U.S. Representative Duncan Hunter leaves federal court after pleading guilty to misusing campaign funds in San Diego, Calif. on Dec. 3, 2019.   -  

Hunter pleaded guilty in federal court Tuesday to one count of conspiracy to misuse campaign funds after prosecutors said he and his wife, Margaret, who pleaded guilty earlier this year to conspiracy to misuse campaign funds and was expected to testify against him, "converted and stole" more than a quarter-million dollars in campaign funds.

Politics

"Shortly after the Holidays I will resign from Congress," Hunter said in a brief statement. "It has been an honor to serve the people of California's 50th District, and I greatly appreciate the trust they have put in me over these last 11 years."

The announcement came one day after the House Ethics Committee warned him that he "should refrain from voting" on the House floor following his plea.

The case against Hunter included documentation of campaign cash being used for family trips to Hawaii and Italy, plane rides for relatives and alleged romantic flings with lobbyists and congressional aides.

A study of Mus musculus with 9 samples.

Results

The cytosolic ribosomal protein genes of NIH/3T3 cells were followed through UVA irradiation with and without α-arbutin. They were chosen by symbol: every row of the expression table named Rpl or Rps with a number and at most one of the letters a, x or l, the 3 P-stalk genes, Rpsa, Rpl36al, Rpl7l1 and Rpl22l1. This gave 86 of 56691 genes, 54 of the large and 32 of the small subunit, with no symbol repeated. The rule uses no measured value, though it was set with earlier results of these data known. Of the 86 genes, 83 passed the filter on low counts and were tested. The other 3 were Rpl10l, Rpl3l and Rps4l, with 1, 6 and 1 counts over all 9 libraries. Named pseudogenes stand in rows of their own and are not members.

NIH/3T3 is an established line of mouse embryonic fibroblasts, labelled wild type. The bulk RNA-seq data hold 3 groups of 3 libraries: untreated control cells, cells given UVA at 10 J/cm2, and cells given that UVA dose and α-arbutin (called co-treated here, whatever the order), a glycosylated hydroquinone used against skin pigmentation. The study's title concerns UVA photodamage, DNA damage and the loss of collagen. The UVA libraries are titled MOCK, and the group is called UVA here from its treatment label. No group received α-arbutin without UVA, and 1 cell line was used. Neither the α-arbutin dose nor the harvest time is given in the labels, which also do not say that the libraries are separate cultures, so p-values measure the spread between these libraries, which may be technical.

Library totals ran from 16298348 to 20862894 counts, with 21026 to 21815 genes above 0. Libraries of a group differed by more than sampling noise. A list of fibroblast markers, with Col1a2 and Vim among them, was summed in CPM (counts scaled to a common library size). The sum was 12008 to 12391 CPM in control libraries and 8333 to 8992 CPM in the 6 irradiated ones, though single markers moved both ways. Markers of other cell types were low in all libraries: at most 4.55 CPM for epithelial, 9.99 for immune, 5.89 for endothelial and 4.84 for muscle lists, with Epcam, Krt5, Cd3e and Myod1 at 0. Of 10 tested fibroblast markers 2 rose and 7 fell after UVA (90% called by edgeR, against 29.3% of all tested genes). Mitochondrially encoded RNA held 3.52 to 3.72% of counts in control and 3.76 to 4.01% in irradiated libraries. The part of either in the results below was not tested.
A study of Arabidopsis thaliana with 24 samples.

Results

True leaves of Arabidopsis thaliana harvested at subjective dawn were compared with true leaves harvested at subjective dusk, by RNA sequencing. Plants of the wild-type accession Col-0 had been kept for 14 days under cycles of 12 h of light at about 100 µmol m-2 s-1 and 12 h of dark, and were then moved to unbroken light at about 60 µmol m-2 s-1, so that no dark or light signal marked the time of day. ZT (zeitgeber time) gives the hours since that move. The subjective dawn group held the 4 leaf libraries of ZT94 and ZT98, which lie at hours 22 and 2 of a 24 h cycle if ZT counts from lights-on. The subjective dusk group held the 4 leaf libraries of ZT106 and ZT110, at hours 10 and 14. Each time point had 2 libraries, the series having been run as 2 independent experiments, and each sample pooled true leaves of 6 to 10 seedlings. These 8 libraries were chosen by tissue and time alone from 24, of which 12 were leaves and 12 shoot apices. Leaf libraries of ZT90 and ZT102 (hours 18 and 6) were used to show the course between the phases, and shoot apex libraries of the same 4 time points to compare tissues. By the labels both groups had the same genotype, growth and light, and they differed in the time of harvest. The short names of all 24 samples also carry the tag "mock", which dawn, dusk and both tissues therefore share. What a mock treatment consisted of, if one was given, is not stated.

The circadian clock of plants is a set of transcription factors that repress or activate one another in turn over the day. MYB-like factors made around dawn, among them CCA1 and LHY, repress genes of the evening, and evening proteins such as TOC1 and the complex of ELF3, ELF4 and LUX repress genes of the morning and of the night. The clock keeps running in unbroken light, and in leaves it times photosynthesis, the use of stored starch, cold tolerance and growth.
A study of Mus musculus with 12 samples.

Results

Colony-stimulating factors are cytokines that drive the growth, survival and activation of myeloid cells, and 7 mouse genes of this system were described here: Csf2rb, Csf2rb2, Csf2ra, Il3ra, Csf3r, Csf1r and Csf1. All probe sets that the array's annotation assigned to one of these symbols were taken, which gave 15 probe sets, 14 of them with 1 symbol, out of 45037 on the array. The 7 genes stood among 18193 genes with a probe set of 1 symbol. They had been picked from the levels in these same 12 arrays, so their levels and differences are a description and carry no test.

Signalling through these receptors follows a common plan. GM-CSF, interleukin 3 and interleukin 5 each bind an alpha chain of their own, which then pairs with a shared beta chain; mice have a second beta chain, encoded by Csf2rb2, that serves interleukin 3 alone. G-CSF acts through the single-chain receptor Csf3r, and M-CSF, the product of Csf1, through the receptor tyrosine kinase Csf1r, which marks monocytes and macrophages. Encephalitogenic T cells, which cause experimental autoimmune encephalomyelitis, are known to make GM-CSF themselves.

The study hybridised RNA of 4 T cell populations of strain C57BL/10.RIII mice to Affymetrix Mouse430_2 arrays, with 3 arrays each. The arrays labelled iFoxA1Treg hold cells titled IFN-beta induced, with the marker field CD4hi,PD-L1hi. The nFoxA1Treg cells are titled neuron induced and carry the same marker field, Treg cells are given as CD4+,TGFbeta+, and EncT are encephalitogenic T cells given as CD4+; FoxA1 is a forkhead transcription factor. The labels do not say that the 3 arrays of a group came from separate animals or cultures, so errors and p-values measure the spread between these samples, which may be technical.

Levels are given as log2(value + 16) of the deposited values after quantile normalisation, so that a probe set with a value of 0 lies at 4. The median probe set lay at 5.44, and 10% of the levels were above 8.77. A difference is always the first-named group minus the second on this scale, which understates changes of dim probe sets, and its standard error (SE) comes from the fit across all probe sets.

The district, one of few remaining Republican big city congressional districts between Los Angeles and the border, overlapped with a since-redrawn district represented by his namesake father for nearly three decades.

Hunter's resignation target of around January means Calif. Gov. Gavin Newsom can leave the seat vacant until after the Nov. 2020 general election, call for a special election, or consolidate a special election with the March primary.

Hunter faces up to five years behind bars when he's sentenced in March.

Following his indictment last year, Hunter argued he was the victim of a political witch hunt. But on Tuesday he said, "I failed to monitor and account for my campaign spending. I made mistakes."

Dennis Romero reported from San Diego and Alex Moe from Washington, D.C.